The first product in the line is a BR30.
In a lighting market dominated by conglomerates, it’s rare to find a startup that—for now, at least—wants to stay one. Such is the case for Stack Lighting, a Silicon Valley–based maker of Web-enabled LED lamps that was founded by former Tesla Motors executives and is staffed with engineers culled from agencies and companies such as NASA, HP Labs, Google, and Oracle. Charting a path similar to that of smart-thermostat developer Nest Labs, which was acquired by Google earlier this year for $3.2 billion, Stack wants to make lighting responsive, eventually opening its APIs for further development and integration in residential and commercial spaces. Architectural Lighting spoke with the firm’s founder and CEO Neil Joseph, a former delivery program manager at Tesla, to learn about the company’s lighting ambitions and Alba, its inaugural line of lamps that kicks off with a BR30, out early next year, to be followed by additional lamp types including an A19, a troffer, and an MR16.
What is Stack Lighting?
It was about a year ago on a beautiful, sunny day at the Tesla headquarters, which [houses workstations in] a big open seating area. I was sitting right by the windows and looked up and thought: Why are all these lights on at full power when there’s so much natural sunlight coming in? Our phones and laptops automatically adjust for brightness, so there must be lights that can do that. I started looking for products that could actually respond to the environment, and all I could find were expensive and complicated commercial systems. We soon began developing the technology to embed the sensors directly in the bulbs, and I left Tesla in October  to get it off the ground.
Why are you launching the Alba family of lamps with a BR30?
We chose the BR30 first because a lot of kitchens, family rooms, and dining rooms as well as a lot of retail and hospitality commercial verticals use recessed [downlights].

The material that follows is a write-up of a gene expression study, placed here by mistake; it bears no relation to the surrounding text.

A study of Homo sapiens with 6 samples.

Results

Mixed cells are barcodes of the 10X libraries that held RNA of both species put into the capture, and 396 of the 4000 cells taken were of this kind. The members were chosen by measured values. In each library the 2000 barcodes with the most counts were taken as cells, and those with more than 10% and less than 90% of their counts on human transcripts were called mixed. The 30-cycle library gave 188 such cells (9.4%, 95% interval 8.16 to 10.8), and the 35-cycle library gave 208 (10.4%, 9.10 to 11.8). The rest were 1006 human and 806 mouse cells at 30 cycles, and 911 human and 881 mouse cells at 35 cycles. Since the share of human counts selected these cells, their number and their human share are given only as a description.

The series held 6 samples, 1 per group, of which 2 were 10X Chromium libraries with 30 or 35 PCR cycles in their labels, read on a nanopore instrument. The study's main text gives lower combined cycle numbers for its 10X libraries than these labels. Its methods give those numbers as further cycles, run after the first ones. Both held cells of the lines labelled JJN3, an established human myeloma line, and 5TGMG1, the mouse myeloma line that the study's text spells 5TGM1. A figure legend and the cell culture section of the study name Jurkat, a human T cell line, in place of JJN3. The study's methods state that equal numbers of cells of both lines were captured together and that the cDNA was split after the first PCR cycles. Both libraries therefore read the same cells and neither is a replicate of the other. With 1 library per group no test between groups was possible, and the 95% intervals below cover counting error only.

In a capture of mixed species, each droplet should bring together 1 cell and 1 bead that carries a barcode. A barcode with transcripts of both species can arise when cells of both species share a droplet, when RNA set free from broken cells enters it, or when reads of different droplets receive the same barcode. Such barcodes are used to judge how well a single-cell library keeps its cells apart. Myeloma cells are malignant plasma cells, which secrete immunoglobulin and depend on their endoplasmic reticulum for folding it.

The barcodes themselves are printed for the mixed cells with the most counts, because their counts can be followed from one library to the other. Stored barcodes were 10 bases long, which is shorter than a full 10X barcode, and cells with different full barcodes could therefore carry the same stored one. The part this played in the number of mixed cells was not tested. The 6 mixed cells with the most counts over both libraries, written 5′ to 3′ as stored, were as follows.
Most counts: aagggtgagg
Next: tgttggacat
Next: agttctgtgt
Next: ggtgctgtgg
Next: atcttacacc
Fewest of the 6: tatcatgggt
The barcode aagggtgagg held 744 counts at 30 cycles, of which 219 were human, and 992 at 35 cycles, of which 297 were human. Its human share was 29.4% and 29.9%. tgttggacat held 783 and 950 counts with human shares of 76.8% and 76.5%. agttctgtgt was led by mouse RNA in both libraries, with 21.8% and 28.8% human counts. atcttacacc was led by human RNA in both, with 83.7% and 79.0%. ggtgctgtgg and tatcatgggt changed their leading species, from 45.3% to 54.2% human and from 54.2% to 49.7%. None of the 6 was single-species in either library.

How is the light controlled and managed?
Installation involves screwing the bulb in and then, with an app, imputing whether you’re in a home or a commercial environment. We start with preset conditions because our principle is that the system should work [as-is] 98 percent of the time for 98 percent of people. For the rest, people who really do want to customize the system, we have an app that they can go into and say, ‘I want to make zones that are much more specific and have these behaviors.’ We have machine learning at the bulb level, the Wi-Fi hub, and the back-end to help determine occupants’ behavior patterns and adjust the lights output accordingly. We view this as the backbone of a responsive sensor network to connect with other devices using APIs like [those of] HomeKit, Nest, and IFTT to help other products understand where people are in the building. A lot of our intellectual property is having the light sensors and the motion sensors [on the same circuit board] as the LEDs.
So, the sensors adjust the color temperature of the light?
That’s an aspect of the technology. Let’s say the light sensor is adjusting the total amount of light that it outputs and then the motion sensor [turns the light on and off]. We use the time of day and patterns [detected by the sensors to determine the] color temperature. The default would be 5000K in the morning and then as the day goes on it adjusts itself so that by the evening it is closer to 2700K. There’s also a feature in the app that lets users set [a timer based on] when they go to bed and adjusts the lights’ color temperature accordingly.
How would this work in a commercial space?
It could be used to change the color temperature to set the right ambiance in a store. Also, in each bulb is an embedded Bluetooth [location-based proximity sensor system]. Instead of needing external sensors placed around a retail store, each bulb can collect marketing and analytics. Over the next year, we’re going to begin rolling out analytics software to commercial customers that, with the embedded sensors and beacon, will tell them what’s going on in a space.
What is your goal for Stack as it enters the lighting space?
We’re looking to build a solid business and are aware that smaller tech companies often get acquired. We’re focusing on delivering products that enhance people’s lives and are doing that by making the lighting systems much simpler using our sensor technologies and helping integrate systems such as HVAC, security, and other connected devices. The Internet of Things has been exploding and a lot of it is predicated upon where people are in a building. Lights are the most common devices and would have the best sense of where people are.
Where does Alba, the name of your line of lamps, come from?
Alba is Italian for sunrise or dawn. We see responsive lighting as the dawn of the next stage of lighting.
This interview has been edited and condensed for clarity.